Top navigation


Eco-Answers from the Pros: How to Find Research Articles in the Public Domain

It can be frustrating to locate current literature on a topic without bumping into paywalls that prevent free access to information. How can you find the relevant information within the public domain?

Google Scholar is a wonderful resource for finding current scientific literature for anything from carbon sequestration to the side effects of a new antibiotic. Though there is a lot of literature in the public domain, accessing it can be sometimes confusing. This brief explainer should help you navigate the paywalls of revenue-generating publishing houses to find the research articles that your friendly neighborhood scientists want you to read.

Though Google scholar is not the only search engine, it is fairly comprehensive and user-friendly. If you navigate to, you can enter your search terms in the search box; I encourage you to try different terms and combinations of terms to find a variety of articles on your topic of interest. The articles will be sorted by “relevance,” but you can also decide based on the number of people who have cited an article in their own research (under “Cited by…”). Articles with more citations are more well-accepted, though very new articles may have very few citations. Once you’ve decided on what you want to read, you need to access the article itself. The title of the article is usually a hyperlink to the publishing center’s version of the article, which is often paywalled. However, most research is funded by taxpayer-supported programs and is in the public domain. To find these versions, skip the main hyperlink and click on “All N versions,” where N is the number of different places that the article is archived. Clicking on this will often give you a public option, generally a dot-edu or dot-gov site, which stores a public version of the article. Happy reading!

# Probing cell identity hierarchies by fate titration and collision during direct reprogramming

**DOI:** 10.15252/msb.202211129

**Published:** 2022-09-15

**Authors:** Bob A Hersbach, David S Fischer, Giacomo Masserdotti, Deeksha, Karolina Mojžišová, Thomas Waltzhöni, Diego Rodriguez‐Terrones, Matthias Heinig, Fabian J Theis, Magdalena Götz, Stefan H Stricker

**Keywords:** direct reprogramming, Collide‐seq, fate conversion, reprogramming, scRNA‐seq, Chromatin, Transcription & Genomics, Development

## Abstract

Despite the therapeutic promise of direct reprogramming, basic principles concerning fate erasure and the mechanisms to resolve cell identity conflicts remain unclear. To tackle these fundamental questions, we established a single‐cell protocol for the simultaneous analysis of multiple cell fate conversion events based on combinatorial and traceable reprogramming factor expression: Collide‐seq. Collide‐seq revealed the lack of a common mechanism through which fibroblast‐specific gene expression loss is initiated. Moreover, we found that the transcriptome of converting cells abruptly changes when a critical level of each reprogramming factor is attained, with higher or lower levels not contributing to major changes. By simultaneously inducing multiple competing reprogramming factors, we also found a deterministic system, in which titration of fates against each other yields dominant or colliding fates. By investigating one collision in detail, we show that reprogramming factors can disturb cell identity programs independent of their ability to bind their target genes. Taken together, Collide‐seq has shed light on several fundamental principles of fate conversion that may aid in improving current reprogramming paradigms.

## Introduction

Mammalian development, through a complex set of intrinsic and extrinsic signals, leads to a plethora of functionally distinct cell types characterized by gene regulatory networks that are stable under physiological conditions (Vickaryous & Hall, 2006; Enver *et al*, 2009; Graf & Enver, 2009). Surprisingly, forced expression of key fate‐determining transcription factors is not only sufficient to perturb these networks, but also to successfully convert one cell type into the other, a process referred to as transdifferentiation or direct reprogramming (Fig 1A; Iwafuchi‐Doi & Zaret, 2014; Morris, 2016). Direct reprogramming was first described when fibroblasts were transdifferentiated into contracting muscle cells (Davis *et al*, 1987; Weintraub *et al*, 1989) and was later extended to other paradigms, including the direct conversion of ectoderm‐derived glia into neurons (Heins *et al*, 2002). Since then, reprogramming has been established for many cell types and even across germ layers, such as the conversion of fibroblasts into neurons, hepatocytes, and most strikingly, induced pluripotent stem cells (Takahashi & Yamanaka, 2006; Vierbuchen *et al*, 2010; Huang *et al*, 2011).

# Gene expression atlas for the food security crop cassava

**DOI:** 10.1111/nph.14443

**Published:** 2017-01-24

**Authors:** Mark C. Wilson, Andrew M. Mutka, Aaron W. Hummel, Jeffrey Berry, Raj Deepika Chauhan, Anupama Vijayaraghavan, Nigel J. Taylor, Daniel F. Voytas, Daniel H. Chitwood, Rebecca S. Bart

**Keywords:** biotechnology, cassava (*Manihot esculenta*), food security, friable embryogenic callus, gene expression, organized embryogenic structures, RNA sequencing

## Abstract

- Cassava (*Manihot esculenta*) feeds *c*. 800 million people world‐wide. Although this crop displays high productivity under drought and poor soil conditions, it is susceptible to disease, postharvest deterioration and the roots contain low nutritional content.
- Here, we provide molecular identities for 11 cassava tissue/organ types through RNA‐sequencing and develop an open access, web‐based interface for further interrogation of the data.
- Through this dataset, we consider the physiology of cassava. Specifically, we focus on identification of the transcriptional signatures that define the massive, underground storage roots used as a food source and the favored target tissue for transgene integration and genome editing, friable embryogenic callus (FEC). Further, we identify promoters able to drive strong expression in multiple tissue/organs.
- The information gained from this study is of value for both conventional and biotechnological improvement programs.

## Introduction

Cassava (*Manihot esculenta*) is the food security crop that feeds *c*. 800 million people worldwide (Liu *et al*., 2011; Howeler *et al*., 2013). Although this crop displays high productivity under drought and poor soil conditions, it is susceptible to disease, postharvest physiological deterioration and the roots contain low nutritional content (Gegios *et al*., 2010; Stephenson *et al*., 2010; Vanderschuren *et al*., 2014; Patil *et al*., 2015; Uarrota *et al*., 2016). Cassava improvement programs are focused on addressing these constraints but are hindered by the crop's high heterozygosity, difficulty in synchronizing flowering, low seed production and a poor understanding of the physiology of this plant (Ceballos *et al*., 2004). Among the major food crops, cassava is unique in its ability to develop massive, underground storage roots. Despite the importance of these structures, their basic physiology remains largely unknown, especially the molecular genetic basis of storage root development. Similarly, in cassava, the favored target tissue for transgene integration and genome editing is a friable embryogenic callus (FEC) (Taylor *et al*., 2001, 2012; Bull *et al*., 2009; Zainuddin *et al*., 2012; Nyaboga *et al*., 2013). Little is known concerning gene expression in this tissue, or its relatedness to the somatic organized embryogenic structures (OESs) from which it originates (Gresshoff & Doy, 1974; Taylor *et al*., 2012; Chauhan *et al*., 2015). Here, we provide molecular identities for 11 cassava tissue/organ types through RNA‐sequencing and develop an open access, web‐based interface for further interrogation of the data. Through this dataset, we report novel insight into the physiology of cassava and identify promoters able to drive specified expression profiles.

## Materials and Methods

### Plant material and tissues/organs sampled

~Kristen DeAngelis, UMass Amherst, MA


Each author appearing herein retains original copyright. Right to reproduce or disseminate all material herein, including to Columbia University Library’s CAUSEWAY Project, is otherwise reserved by ELA. Please contact ELA for permission to reprint.

Mention of products is not intended to constitute endorsement. Opinions expressed in this newsletter article do not necessarily represent those of ELA’s directors, staff, or members.